Pakistani Bear Market Has Investors Raging in the Streets
The New York Times
By Jane Perlez

ISLAMABAD, Pakistan — Angry investors stormed out of the Karachi Stock Exchange on Thursday, hurling stones and planters at the building in protest over slumping share prices.

The benchmark index fell for the 15th consecutive trading day, the worst losing run in at least 18 years. Angry investors also protested in Lahore and Islamabad, Pakistani newspapers reported.

“I have lost my life savings in the last 15 days, and no one in the government or regulators came to help us,” said Imran Inayat, 45, a protester and a former broker in Karachi, Bloomberg News reported. He said his loss was $4,175.

Much of the protesters’ anger was directed at the new government, which is perceived as unable to fix an ailing economy plagued by runaway inflation and large budget and trade deficits.

The benchmark index on the Karachi Stock Exchange, the nation’s biggest, declined by nearly 3 percent on Thursday. Investors demanded a temporary halt to trading. When the exchange management refused to stop trading, investors went on a rampage. The index has dropped by 36 percent since reaching a record high in April.

Some of the fury was also directed at the Securities and Exchange Commission of Pakistan, which this week removed a 1 percent daily limit on price declines. The restriction was aimed at halting a slide that has wiped out $30 billion in companies’ combined market value over three months.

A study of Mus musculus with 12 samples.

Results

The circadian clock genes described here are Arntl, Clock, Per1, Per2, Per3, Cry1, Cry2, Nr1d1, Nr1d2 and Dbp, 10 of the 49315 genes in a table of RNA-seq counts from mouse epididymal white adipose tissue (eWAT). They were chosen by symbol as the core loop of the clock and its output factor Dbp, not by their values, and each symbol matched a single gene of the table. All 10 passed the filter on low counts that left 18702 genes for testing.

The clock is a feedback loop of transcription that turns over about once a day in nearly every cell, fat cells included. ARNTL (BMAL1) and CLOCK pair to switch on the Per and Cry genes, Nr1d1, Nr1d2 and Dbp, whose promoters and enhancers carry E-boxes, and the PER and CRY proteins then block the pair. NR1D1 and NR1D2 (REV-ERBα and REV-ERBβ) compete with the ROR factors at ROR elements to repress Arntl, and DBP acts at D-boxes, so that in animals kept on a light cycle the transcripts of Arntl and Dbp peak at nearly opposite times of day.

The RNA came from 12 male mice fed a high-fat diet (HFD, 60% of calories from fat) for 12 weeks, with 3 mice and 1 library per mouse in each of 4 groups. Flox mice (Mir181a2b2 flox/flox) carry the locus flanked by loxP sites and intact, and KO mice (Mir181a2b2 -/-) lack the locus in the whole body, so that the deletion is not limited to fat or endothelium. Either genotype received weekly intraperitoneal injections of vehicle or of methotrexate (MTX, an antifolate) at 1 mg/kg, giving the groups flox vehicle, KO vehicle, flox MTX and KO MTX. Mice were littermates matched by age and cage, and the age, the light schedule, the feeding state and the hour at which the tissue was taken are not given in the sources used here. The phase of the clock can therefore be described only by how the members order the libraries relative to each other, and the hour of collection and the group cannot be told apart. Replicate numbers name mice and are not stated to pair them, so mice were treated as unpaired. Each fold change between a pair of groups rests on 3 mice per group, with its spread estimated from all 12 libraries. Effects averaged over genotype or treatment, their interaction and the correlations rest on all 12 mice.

“There has been some level of mismanagement by the authorities,” said Habib-ur-Rehman, a manager at Atlas Asset Management Ltd. in Karachi, according to Bloomberg. “This may be due to their misperception that they can prevent the market from falling. Investors have to learn to bear losses as they do gains.”

Volume at the stock exchange fell to the lowest in a decade. In response, regulators eased curbs on trading, including a ban on short-selling. Foreign investors have fled the exchange, according to data compiled by the central bank.

Much of the investor unease stems from the inability of the new civilian government, in power since late March, to stem the economic crisis.

Shortages of wheat, electricity and gasoline have affected all sectors of society. Blackouts have been a fixture of daily life for six months. Long lines are common at stores selling wheat, the staple food, at subsidized prices.
The government has been riven by rivalries between the leader of the major political party, Asif Ali Zardari, and the head of the coalition’s junior partner, Nawaz Sharif, over how to restore 60 judges dismissed last year by President Pervez Musharraf.

A survey of Pakistanis released Thursday by the International Republican Institute in Washington showed widespread discontent with the economy. The survey, in which 3,484 Pakistanis were interviewed between June 1 and 15, showed that 92 percent of respondents saw shortages of wheat, natural gas and electricity as a “serious problem.”

In addition, 71 percent of respondents said that inflation was a major issue, compared with only 55 percent in a similar survey in January. The survey’s margin of sampling error was plus or minus 1.7 percentage points.